An interesting exhibition that I have been able to see this summer has been the work of the artists Walker & Bromwich entitled «The Serpent of Capitalism».
The work is a large snake made of black fabric with the word «Capitalism» marked on its back, and it is kept upright thanks to a fan that constantly inflates it.
The work attempts to use the mythological symbology of the serpent (Adam and Eve, Australian aborigines, German Nordics…) which represents the destruction and rebirth of the world. Anarchism used the same symbol in propaganda at the beginning of the last century to represent how the snake strangles the world and workers until they suffocate.
But the authors’ most important message is that the Serpent of Capitalism is sustained only by being continuously inflated: a belief system that sustains it – thin air.
As soon as this belief system disappears, capitalism will no longer stand and will fall under its own weight.
Although the criticism and symbolism of the authors is good, my impression is that capitalism is easily criticized by many artists (and some intellectuals) as a perverse system based on artificially maintaining beliefs in the majority of the population.
The question arises: Is not any system an ordered set of beliefs among a group of people so that it remains standing?
According to anthropologists, when humans began to have communities of more than 500 people (where it was already impossible to maintain non-explicit norms of behavior supervised by the entire community), religions were created to keep the community united with explicit morality.
Any religion (and its descriptive morality) is nothing more or less than a set of beliefs that maintains social cohesion as long as the group trusts said system and order.
The same goes for communism, socialism, anarchism, Nazism, or any other political form. The system is maintained thanks to a thin air, as long as the group or community believes in said order. Money is also a belief system.
In reality, in today’s societies where there is such a high level of interdependence between thousands of individuals, any system (economic, social or political) is sustained thanks to a system of beliefs.
Anyone who wants to create an idyllic order (said comunism), as it was in our origins, will have then to create an isolated community of less than 500 people (or perhaps less than 150 according to anthropologist Robin Dunbar), so that they do not have to create a belief system. Something to my understanding, quite difficult in current times.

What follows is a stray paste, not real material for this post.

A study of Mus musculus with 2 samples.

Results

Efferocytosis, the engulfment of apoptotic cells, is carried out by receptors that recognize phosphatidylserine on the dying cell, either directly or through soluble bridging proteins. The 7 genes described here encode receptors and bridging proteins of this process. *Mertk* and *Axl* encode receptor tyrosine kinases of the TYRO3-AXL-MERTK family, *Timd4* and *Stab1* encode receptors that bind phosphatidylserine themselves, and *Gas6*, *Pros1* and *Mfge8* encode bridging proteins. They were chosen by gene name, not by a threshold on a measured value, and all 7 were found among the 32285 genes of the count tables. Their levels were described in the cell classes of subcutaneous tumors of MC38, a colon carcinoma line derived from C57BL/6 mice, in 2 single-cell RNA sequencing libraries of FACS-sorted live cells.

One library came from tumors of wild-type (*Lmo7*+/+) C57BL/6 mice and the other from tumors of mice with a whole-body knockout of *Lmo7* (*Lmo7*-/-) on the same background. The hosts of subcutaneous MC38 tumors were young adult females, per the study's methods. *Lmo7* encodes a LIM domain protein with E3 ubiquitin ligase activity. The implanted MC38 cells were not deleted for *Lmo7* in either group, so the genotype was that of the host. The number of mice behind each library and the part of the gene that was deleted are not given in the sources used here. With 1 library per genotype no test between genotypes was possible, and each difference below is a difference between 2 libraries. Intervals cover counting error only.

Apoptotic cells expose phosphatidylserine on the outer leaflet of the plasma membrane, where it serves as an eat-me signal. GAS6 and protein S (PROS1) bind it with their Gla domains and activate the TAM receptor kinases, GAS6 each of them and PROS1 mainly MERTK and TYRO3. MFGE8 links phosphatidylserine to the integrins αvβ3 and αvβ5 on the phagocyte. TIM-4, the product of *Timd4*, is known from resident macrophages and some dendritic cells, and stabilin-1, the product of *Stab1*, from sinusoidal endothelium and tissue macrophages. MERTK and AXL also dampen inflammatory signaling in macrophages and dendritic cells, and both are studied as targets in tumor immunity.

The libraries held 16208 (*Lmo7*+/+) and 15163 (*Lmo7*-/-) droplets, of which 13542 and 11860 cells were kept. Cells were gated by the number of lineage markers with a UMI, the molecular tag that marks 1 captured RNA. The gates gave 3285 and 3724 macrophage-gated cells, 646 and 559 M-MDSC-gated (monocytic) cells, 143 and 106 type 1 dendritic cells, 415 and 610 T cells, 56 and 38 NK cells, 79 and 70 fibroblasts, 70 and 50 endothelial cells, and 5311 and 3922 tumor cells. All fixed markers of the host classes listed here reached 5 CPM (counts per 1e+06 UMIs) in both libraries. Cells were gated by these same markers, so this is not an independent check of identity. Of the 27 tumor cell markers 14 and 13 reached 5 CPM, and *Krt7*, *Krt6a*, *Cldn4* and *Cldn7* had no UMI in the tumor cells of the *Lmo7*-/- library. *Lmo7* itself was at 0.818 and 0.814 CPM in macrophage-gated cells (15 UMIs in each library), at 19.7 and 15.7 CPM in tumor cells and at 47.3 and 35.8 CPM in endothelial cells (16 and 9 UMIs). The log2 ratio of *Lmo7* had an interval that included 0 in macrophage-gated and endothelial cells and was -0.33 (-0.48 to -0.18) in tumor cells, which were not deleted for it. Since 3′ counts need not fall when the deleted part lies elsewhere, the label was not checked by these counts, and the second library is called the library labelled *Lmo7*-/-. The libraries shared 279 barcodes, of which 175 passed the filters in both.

What surprises me is that behind the political idealism of anti-capitalist movements there is the belief that human nature is perverted by the capitalist system. Human beings are kind until selfishness, greed and alienation from the community flourishes – capitalism corrupts them.
In fact, they have the same belief base as those who support uncensored capitalism – men are selfish and greedy, and we have to live with it.
Neither of them considers that in the capitalism of the 21st century, where capital is human creativity and the means of production is the motivation and alingment of teams of people around a project, this vision of the human being as being essentially egocentric is impossible.
Any company today knows that its greatest asset (= capital) is the human team that forms it. If it is not motivated and aligned with the purpose and values of the company, the business will not be able to survive in a competitive environment.
In reality, today’s companies may have a certain similarity to the tribes of yesteryear – an order in which a series of behaviors and values are allowed and others are not for the coexistence and development of said community.
Today is less and less necessary to create explicit and detailed regulations and manuals of what has to be done. A few values and a clear purpose pave the way for cooperation, altruism, and the natural goodness of the individuals that make up an organization.
If we have managed to survive as a species, it has not been thanks to our selfishness, but because the chemistry of our brain makes us especially cooperative:
– Our inner desire to be part of a group (oxytocin and serotonin).
– Participate in it to achieve goals (dopamine).
– Feeling that we are valued in the group (serotonin).
These 3 neurotransmitters – oxytocin, serotonin, and dopamine – are essential for our happiness and well-being. We are able to survive thanks to them.
Selfishness is based on fear, which secretes the well-known cortisol. Our species would not have survived based on fear of the other. Our ancestors would have been all neurotics (like many of us are today), and as consequence, our species would have long disappeared from mother Earth.
Cooperation always triumphs over selfishness in our most elemental Human Nature.
The next time someone tells you that capitalism brings out the worst in us, challenge them with their belief system.